9 Steps to Acing a Phone Job Interview

Would you like to know why some people give good phone? Did you ever go to the bathroom while doing a phone interview :).

Phone interviews are a daily occurrence during a job search. But most people spend very little time preparing for this opportunity. This 9 step program is a "how to" do it successfully. Do you currently follow any or all of these steps? What other successful phone interview tips do you have? Looking forward to your comments.

Want To Nail Your Next Job Interview-Start Here Now.

15 Post a Comment :

Anil said...

a valuable suggestions and updation, keep it up

Anil said...


Anonymous said...

I dropped a couple of good sized logs during a recent interview and no one was the wiser. I recommend it as it relaxes the interviewee!

Debbie said...

Great tips! I'm an IT recruiter and many candidates think phone screens are just a casual chat, but it's very important to prepare just as you would for a face-to-face interview and to take care of the background noise as suggested in the video.

Had to laugh about the toilet flush blunder. I've talked to candidates who weren't that obvious, but I COULD TELL THEY WERE in the bathroom. You're not fooling anyone. LOL

The Immortal said...

Good tips!! Ph interview is as good as face to face interview. Voice modulation to stress on important aspects of your career/job skills etc is extremely important cos its the confidence in your voice thats gonna make or break the deal

Brian Bigelow said...

What worked very well for me was to always have a stereo hands free set attached to my cell phone. That way I could hear the conversation clearly and communicate with the person giving the interview clearly. It also had the tendency to eliminate outside noise so that it wouldn't interfere. They really aren't that expensive now, I definitely recommend that every candidate should have one. Call somebody with it attached right away so that you can test it out. Ran into an incident or two with one that didn't work right. You don't need to find out that it doesn't right when the interviewer calls you.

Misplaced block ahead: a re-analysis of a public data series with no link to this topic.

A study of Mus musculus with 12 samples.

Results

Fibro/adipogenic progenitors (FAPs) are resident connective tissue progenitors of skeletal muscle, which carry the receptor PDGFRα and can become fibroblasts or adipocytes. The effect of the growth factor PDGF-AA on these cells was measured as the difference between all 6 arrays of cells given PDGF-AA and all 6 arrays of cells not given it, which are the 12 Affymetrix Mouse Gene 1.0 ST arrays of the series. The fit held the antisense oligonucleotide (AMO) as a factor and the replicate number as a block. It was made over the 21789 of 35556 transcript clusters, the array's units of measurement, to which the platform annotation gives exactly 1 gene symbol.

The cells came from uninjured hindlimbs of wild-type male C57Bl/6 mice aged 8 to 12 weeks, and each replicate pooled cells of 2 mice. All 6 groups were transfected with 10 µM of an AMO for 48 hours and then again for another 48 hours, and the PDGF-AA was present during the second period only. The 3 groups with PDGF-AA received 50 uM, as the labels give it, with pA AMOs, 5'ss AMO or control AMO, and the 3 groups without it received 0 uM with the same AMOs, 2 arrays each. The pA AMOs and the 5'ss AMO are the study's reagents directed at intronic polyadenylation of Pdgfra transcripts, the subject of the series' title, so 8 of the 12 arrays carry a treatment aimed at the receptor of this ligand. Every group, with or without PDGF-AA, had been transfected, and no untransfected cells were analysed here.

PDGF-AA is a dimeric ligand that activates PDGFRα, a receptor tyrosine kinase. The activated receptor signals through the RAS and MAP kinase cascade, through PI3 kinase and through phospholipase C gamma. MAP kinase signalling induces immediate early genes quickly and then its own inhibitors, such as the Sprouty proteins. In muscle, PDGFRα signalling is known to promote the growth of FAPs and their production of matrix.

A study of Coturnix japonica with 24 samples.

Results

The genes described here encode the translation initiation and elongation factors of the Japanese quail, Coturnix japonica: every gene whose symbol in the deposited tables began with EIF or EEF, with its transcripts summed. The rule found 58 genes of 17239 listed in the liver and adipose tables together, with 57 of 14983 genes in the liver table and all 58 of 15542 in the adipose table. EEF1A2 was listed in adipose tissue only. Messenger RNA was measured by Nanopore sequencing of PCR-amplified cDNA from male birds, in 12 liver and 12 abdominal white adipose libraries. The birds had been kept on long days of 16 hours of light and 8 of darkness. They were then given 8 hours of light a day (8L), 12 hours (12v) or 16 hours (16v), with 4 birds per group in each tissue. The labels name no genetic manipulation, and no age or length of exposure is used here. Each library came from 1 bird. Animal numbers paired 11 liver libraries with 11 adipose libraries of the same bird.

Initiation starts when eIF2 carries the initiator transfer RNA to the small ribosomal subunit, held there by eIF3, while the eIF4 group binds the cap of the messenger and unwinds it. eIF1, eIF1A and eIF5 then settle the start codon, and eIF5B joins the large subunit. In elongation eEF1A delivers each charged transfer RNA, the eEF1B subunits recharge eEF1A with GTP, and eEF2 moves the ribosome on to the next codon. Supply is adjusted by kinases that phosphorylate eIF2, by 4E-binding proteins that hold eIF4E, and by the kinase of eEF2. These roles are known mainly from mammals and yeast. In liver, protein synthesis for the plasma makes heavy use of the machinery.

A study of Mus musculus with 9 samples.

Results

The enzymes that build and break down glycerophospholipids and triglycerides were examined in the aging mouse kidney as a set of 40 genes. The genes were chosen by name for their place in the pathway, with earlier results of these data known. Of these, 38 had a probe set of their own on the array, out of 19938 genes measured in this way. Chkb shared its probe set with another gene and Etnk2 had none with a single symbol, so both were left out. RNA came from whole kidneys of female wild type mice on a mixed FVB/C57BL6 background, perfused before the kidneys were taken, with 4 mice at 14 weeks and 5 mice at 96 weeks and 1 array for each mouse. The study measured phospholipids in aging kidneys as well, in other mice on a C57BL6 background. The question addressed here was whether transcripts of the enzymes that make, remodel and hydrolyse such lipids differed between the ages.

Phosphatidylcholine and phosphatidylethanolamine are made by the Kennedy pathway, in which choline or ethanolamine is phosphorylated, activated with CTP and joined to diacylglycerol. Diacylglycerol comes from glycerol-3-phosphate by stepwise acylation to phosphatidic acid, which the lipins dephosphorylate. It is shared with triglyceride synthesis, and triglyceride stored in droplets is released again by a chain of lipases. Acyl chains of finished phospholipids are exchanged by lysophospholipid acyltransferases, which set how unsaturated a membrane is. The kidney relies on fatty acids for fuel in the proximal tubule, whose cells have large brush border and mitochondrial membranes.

Amanda Stillwells said...

These are great tips for phone interviews. A lot of the time when I conduct them, the people I am interviewing are always nervous. Another big part of the interviewing process people get afraid of is the pre-employment screening. This is because people get scared they are going to have their credit score checked and most companies do not check this.

Anonymous said...

Who on earth having a research on toilet flush sound blunders during interview?

Sharonda Penn said...

It's unfortunate that nobody drops you an email to schedule your time so that you can be in a place to accept the interview call. Just not business. It's like getting cold calls.

Veronica Bradley said...

Always working on your 30 second introduction and having it fresh in your mind will ease the stress of last minute calls. Although most phone screen come randomly, it is possible to ask for a call-back. As shared early, phone screens are an important step of the hiring process, and the interviewer in most cases welcome the honesty. Regardless to what position you are applying for there are common behavioral questions most recruiters will ask, and having a script prepared ahead of time will show your aspiration and enthusiasm.

Marty Mantynband said...

The video is outstanding. Emphasizing preparation is probably the most important element. I'm an older worker and have only had 1 or 2 telephone interviews in my career so this is an excellent refresher. I thought Debbie's remarks were hysterical.

Anonymous said...

Always nice to hear from you. I was afraid that post might best resume examles be a little boring.

Anonymous said...

It seems ironic on a site labeled "interns over 40" to have a video featuring what appears to be a 30 something.

Anonymous said...

You should not be sitting during a phone interview!

krvince said...

Re: Don't be a blabbermouth. Increasingly, phone screeners have been asking more sweeping questions such as "describe all the projects you've completed that would prepare you for this role". Even a concise answer could cause the screener to zone out or play with desktop objects while the interviewee is responding. This video covers surface choreography instead. How to provide impactful content laden responses without excess would have been helpful.